Notable 2012 deaths in country music

Joe South

While he was perhaps best known for his soulful rock songs ("Hush," "Down in the Boondocks," "Games People Play," "Don't It Make You Want to Go Home," "Walk a Mile in My Shoes,"), for his obscure novelty hit ("The Purple People Eater Meets the Witch Doctor"), and for his session guitar work, ("Chain of Fools," "Blonde on Blonde"), Joe South also made a lasting impression on country music, penning the Grammy-winning song "(I Never Promised You a) Rose Garden," which was a hit for Lynn Anderson in 1971.

In recognition of his accomplishments, South was inducted to the Nashville Songwriters Hall of Fame in 1979, and in 2003, to the Georgia Music Hall of Fame. "He's one of the greatest songwriters of all time," said Butch Lowery, son of late DJ/publisher Bill Lowery and president of the Lowery Group. "His songs have touched so many lives. He's such a wonderful guy and loved by many." South passed away September 5 in Buford, Georgia, at the age of 72.

Billy Strange

Billy Strange existed in that strange (and awesome) space where country, pop, rock and surf music all came together. Born in Long Beach, California, as a kid he began performing cowboy-themed material on the radio with his parents and at the age of 16 moved to Texas, where he performed in honky-tonks and dance halls before being hired to work with West Coast artists Spade Cooley and Tennessee Ernie Ford. Alongside the likes of Glen Campbell and Leon Russell, Strange was a session musician with the LA-based "Wrecking Crew," and can be heard on records by the Beach Boys, Jan & Dean, The Everly Brothers, Wanda Jackson, Elvis Presley, Willie Nelson and Roy Rogers, and together with Mac Davis he wrote several hits for Elvis, including "A Little Less Conversation."

Most notably, Strange started a publishing company and arranged and conducted several recordings for Nancy Sinatra, helping to cut famous tracks like "These Boots Are Made for Walking," "Bang Bang (My Baby Shot Me Down)" and "Something Stupid." In addition to his music career, he dabbled in acting and had a bit role as Speedy West in the 1980 Loretta Lynn biopic Coal Miner's Daughter. Strange died in February at the age of 81.

Doc Watson

He never had a chart-topping hit, but his guitar flat-picking and earnest, true-blue vocal take on traditional American music nonetheless influenced generations of country, blues and folk musicians and fans. Born in Deep Gap, North Carolina in 1923, a mountain community where he lived 'til his death, an eye infection took Doc Watson's vision before the age of one, but his supportive and musically-inclined rural farming family pushed him to learn how to take care of himself, and to pursue music early on - first harmonica, then banjo, and finally guitar.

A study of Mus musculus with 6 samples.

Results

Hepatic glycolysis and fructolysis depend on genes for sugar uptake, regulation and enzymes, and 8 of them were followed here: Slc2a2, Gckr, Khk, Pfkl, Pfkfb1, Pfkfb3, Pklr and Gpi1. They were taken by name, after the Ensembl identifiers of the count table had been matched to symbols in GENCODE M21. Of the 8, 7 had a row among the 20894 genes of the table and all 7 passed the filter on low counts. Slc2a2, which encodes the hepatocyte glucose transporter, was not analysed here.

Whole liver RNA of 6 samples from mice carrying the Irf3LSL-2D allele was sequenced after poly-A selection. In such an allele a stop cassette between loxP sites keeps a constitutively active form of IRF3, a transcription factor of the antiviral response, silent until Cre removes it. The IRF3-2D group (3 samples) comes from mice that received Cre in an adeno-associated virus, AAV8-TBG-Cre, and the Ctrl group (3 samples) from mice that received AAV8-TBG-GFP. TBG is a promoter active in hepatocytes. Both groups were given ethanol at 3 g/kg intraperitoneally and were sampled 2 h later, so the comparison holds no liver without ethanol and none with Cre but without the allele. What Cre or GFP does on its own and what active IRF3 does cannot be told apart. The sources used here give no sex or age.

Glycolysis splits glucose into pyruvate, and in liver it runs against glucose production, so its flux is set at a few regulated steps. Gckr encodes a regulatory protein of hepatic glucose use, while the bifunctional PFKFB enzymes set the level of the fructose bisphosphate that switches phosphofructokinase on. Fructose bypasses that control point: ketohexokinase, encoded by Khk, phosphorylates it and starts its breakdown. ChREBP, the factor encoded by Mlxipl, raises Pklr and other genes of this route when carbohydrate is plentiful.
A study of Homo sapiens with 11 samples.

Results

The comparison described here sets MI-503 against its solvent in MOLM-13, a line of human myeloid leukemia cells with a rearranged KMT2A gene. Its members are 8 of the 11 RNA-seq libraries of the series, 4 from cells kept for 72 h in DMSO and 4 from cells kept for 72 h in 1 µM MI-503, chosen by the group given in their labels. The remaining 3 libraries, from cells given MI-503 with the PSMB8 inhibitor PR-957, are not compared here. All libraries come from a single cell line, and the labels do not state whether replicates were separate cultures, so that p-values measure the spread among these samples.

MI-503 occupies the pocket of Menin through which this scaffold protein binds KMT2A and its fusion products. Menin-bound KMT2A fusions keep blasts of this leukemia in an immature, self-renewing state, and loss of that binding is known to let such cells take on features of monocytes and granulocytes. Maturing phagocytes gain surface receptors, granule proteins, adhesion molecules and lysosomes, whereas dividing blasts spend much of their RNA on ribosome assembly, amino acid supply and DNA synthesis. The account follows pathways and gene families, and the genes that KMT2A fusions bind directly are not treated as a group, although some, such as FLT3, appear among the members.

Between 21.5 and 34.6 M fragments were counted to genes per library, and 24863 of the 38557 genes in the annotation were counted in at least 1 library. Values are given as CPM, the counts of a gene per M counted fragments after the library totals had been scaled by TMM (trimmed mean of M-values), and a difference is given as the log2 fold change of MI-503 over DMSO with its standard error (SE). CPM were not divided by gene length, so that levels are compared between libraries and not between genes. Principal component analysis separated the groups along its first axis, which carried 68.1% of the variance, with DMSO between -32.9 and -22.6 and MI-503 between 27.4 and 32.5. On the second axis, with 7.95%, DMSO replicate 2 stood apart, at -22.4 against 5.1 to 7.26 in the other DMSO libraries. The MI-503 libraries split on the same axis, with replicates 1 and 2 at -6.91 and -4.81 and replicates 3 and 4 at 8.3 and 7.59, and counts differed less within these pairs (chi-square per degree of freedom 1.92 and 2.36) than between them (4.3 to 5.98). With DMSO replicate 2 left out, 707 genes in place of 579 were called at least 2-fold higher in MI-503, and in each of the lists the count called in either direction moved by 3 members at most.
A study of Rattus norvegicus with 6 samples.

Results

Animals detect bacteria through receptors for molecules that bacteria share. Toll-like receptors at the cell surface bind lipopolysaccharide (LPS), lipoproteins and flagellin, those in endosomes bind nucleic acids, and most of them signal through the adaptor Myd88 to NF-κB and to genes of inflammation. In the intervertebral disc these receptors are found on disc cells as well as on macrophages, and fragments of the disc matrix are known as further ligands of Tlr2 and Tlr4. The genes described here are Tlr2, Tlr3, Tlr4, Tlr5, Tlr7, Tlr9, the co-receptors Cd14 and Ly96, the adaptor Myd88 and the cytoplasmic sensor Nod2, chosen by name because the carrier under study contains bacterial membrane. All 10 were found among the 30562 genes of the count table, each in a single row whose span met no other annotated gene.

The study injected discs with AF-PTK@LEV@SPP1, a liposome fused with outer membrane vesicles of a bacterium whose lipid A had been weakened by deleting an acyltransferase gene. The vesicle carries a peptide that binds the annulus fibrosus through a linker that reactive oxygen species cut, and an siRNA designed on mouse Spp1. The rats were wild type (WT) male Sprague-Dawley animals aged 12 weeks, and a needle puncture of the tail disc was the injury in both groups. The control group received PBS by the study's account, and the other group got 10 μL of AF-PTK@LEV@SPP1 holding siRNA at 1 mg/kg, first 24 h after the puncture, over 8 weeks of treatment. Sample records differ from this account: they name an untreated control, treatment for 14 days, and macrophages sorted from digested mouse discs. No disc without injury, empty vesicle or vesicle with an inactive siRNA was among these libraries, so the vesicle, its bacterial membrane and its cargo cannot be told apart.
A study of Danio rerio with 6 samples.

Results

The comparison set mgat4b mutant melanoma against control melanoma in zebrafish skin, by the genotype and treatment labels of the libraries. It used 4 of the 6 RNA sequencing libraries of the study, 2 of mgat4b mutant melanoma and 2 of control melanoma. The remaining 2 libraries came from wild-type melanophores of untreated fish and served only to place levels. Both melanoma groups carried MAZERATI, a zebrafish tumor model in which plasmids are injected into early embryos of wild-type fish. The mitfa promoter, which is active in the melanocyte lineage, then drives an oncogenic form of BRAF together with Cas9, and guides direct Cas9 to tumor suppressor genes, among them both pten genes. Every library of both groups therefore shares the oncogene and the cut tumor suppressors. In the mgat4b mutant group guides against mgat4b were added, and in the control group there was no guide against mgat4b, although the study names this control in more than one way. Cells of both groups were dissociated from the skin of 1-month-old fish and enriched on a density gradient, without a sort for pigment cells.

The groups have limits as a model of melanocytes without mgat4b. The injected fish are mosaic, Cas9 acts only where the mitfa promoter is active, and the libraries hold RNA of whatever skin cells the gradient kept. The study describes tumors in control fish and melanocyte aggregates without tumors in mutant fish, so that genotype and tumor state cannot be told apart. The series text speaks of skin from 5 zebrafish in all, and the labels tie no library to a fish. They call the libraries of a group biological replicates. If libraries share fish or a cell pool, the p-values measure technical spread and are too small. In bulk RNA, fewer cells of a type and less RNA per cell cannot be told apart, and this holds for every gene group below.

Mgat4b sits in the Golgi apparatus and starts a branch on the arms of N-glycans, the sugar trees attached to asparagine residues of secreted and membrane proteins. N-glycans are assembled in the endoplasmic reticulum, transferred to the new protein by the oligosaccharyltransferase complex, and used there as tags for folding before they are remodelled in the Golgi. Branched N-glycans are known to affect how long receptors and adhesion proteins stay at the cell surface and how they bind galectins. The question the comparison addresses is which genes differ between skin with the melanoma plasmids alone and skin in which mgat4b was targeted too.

In 1960, Watson met Smithsonian folklorist Ralph Rinzler at a North Carolina music festival, and it was then that he was swept up in the folk craze of the decade, as well as the traditional music revivalism of the decade to follow, notably collaborating with the Nitty Gritty Dirt Band and others on 1972's Will the Circle Be Unbroken. Before he died in late May at the age of 89, Watson won eight Grammy awards, a Grammy Lifetime Achievement Award, the National Medal of Arts, and founded the popular MerleFest, a showcase of traditional acoustic music held each April in North Carolina to honor Watson's son and longtime collaborator, Merle, who died in a tractor accident at his farm in 1985.

Kitty Wells

Kitty Wells might have been the sweetest and most unassuming musical artist ever banned by radio. Though her voice was simple and sweet, her aesthetic modestly conservative, though she was married to a cabinet-maker (and country great, Johnnie Wright) at the age of 18 and remained married to him for nearly 74 years, it was her earliest hit, "It Wasn't God Who Made Honky Tonk Angels" - a response to Hank Thompson's "The Wild Side of Life" - that was deemed too risqué for the Opry and for radio, and made her one of country's earliest banned stars.

When she recorded the legendary song, she had no intentions of making it big; she sang it simply to earn the $125 union session paycheck it promised her in 1952. But in the six decades since then, Kitty Wells has joined the ranks of Rose Maddox, Patsy Montana and the Carter family women to be one of the groundbreaking female artists of country, paving the way for Loretta Lynn, then Tanya Tucker, and today Miranda Lambert. Wells was inducted to the Country Music Hall of Fame in 1976, and in 1991 became the third country artist (after Roy Acuff and Hank Williams), and only the eighth woman ever to receive the Grammy Lifetime Achievement Award. Notably, in 1956 she became the first female country singer ever to release a full long-play album, in a time record companies were reluctant to issue albums by women; Patsy Cline's first full-length was released just a year later. She died in July at the age of 92 in Nashville, following a stroke, less than a year after her husband passed.